ExxonMobil owes Nigerian govt $1.9bn
*Addax in 5-year tax default, owing N700m
Two international oil companies operating in the country were Monday accused by the Federal Government of various levels of indebtedness to the nation and contributing to Nigeria’s economic woes.
The companies are US oil giant ExxonMobil and Addax Petroleum, a subsidiary of China’s Sinopec Group.
This was disclosed by the Special Presidential Investigative Panel on the Recovery of Public Property, SPIP, which said three other oil companies were under investigation for not paying taxes and royalties.
According to the chairman of the panel, Chief Okoi Obono-Obla, who spoke at a news conference in Abuja on the activities of the panel during the year, Mobil – a subsidiary of ExxonMobil – was indebted to the country to the tune of $1.9 billion while Addax owed N700 million in tax.
Chief Obono-Obla, who is also the Special Assistant to the President on Public Prosecution, said: “A lot of oil companies are contributing to the economic challenges facing the country, denying Nigeria of royalties and also evading taxes, money that would have been channeled to the development of the country.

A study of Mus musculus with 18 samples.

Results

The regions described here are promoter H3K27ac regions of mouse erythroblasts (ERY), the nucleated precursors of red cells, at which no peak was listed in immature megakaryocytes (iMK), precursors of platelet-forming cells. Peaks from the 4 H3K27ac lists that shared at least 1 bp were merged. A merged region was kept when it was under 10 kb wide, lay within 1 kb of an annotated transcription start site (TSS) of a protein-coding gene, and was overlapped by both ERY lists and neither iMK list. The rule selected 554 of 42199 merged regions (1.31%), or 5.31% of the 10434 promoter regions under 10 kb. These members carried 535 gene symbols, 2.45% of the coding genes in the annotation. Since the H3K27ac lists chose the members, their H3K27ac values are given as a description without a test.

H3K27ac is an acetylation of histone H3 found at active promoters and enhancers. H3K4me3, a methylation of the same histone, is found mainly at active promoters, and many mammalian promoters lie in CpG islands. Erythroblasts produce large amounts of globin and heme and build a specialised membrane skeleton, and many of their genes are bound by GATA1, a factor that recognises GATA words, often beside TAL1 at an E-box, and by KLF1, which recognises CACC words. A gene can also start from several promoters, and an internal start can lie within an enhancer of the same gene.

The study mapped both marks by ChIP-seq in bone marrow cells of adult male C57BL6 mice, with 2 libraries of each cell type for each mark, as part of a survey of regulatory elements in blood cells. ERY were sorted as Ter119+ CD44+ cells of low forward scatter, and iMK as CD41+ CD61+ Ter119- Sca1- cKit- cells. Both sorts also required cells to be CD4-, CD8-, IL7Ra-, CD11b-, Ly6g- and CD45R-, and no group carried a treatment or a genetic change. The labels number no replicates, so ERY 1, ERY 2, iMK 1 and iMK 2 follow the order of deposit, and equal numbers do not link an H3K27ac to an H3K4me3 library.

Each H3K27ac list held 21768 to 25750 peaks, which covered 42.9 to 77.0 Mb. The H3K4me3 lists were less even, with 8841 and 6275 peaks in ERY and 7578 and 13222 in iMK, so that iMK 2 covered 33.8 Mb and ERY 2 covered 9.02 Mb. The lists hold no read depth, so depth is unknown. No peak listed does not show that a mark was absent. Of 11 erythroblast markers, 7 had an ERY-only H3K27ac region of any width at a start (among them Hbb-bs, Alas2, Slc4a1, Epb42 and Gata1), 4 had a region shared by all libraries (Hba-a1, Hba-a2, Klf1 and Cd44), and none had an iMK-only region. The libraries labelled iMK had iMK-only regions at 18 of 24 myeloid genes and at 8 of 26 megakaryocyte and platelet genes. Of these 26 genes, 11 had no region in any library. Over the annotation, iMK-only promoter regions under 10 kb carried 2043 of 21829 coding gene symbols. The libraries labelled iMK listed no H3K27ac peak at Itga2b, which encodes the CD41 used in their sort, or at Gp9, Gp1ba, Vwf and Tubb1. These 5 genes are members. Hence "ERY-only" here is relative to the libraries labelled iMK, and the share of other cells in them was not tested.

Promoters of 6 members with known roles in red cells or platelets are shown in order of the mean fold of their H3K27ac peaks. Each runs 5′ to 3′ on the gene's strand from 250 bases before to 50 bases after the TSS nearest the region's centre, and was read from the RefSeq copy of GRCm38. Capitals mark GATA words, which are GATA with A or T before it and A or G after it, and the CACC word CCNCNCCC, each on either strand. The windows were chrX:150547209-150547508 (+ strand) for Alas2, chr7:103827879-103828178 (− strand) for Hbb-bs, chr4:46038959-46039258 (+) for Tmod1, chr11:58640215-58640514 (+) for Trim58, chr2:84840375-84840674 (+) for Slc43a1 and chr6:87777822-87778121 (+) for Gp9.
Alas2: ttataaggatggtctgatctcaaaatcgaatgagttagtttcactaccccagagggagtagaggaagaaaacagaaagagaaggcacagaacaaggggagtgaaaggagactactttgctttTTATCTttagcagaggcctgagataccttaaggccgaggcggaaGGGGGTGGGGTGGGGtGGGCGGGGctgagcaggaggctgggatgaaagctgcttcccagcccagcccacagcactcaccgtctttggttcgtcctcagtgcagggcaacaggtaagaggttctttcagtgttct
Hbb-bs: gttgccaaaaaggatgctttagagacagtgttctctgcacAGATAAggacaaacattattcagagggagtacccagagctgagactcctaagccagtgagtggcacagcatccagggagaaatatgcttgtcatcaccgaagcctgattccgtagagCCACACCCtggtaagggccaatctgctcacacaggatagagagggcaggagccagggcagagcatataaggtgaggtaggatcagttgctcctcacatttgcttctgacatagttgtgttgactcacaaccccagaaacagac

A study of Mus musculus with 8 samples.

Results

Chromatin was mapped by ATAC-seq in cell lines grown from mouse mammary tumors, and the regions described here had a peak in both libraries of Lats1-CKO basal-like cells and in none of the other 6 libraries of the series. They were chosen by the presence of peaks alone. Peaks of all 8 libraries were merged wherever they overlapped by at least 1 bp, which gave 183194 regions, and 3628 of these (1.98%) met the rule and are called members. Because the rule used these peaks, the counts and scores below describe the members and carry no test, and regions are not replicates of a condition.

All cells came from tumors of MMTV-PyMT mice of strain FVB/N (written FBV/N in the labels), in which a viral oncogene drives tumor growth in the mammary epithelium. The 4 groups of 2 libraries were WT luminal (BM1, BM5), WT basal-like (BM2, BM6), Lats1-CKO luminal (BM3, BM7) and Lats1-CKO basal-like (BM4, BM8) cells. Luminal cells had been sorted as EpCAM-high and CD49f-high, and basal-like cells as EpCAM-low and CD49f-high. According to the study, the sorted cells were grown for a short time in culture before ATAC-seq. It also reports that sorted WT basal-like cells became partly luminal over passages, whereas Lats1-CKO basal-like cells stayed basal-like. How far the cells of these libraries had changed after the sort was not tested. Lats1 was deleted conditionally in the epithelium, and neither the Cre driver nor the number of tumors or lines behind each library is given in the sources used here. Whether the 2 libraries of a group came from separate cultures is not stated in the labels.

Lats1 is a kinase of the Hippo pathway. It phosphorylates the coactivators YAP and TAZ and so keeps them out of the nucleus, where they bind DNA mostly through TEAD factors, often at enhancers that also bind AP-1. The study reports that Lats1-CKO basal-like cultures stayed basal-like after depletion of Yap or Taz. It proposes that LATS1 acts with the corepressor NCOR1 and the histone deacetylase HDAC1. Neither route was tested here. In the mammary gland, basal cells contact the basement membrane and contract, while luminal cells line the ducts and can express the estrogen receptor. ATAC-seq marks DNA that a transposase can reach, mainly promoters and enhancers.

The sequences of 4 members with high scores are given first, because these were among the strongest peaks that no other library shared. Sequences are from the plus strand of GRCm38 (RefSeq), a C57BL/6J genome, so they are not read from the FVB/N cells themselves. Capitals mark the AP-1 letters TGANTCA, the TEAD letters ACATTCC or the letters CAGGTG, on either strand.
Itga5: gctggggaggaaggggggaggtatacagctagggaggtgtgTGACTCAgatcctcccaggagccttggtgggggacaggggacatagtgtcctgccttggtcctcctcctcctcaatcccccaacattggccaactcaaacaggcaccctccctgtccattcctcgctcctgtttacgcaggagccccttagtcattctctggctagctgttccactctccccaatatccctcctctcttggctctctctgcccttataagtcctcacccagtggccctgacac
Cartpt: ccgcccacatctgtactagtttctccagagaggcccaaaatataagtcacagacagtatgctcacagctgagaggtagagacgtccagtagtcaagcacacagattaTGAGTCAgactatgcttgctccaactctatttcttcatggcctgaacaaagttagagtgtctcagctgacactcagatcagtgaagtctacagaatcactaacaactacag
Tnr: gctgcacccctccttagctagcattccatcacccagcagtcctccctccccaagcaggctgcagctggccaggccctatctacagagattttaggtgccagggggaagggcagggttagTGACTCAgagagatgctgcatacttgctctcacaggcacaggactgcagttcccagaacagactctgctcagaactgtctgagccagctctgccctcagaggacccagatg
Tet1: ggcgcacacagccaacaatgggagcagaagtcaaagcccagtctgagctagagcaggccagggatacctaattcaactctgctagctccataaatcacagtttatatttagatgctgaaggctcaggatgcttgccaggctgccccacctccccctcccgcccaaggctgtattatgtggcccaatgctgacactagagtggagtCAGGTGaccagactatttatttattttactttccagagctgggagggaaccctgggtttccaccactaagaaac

“Working with the Federal Inland Revenue Service (FIRS) we discovered that Addax Petroleum has failed to pay tax for five years and so they are owing about N700 million. Then, thanks to a petition we received from Femi Falana, SAN, Mobil which purchased an oil bloc in 2001 for $2.5 billion dollars is yet to pay about $1.9 billion of that money to the government. We have commenced our investigations too”.
He did not give further details on the three other oil companies under investigation by the government for tax and royalties evasion.
Efforts last night to reach officials of both ExxonMobil and Addax for comments on this matter proved abortive.
Okono-Obla also revealed during the press briefing that the Federal Government had written the United Kingdom’s National Crime Commission to help in the probe of five senators, who owned properties in the UK and the British Virgin Islands.
Listing the affected five senators as Ike Ekweremadu, Stella Oduah, Hope Uzodinma, Albert Bassey Akpan and Peter Nwaoboshi, the special assistant to the president said: “The UK has passed a law that will also help us in Nigeria fight corruption and that is the ‘Unexplained Wealth Regulation’ which entails that if you have a property in the UK that is above $50, 000, you have to explain your source of wealth, and property here does not just mean a building but even jewelries.
“So, we have written the National Crime Authority in the UK asking them to investigate some Nigerian public officers who have property in the UK and the Virgin Islands”.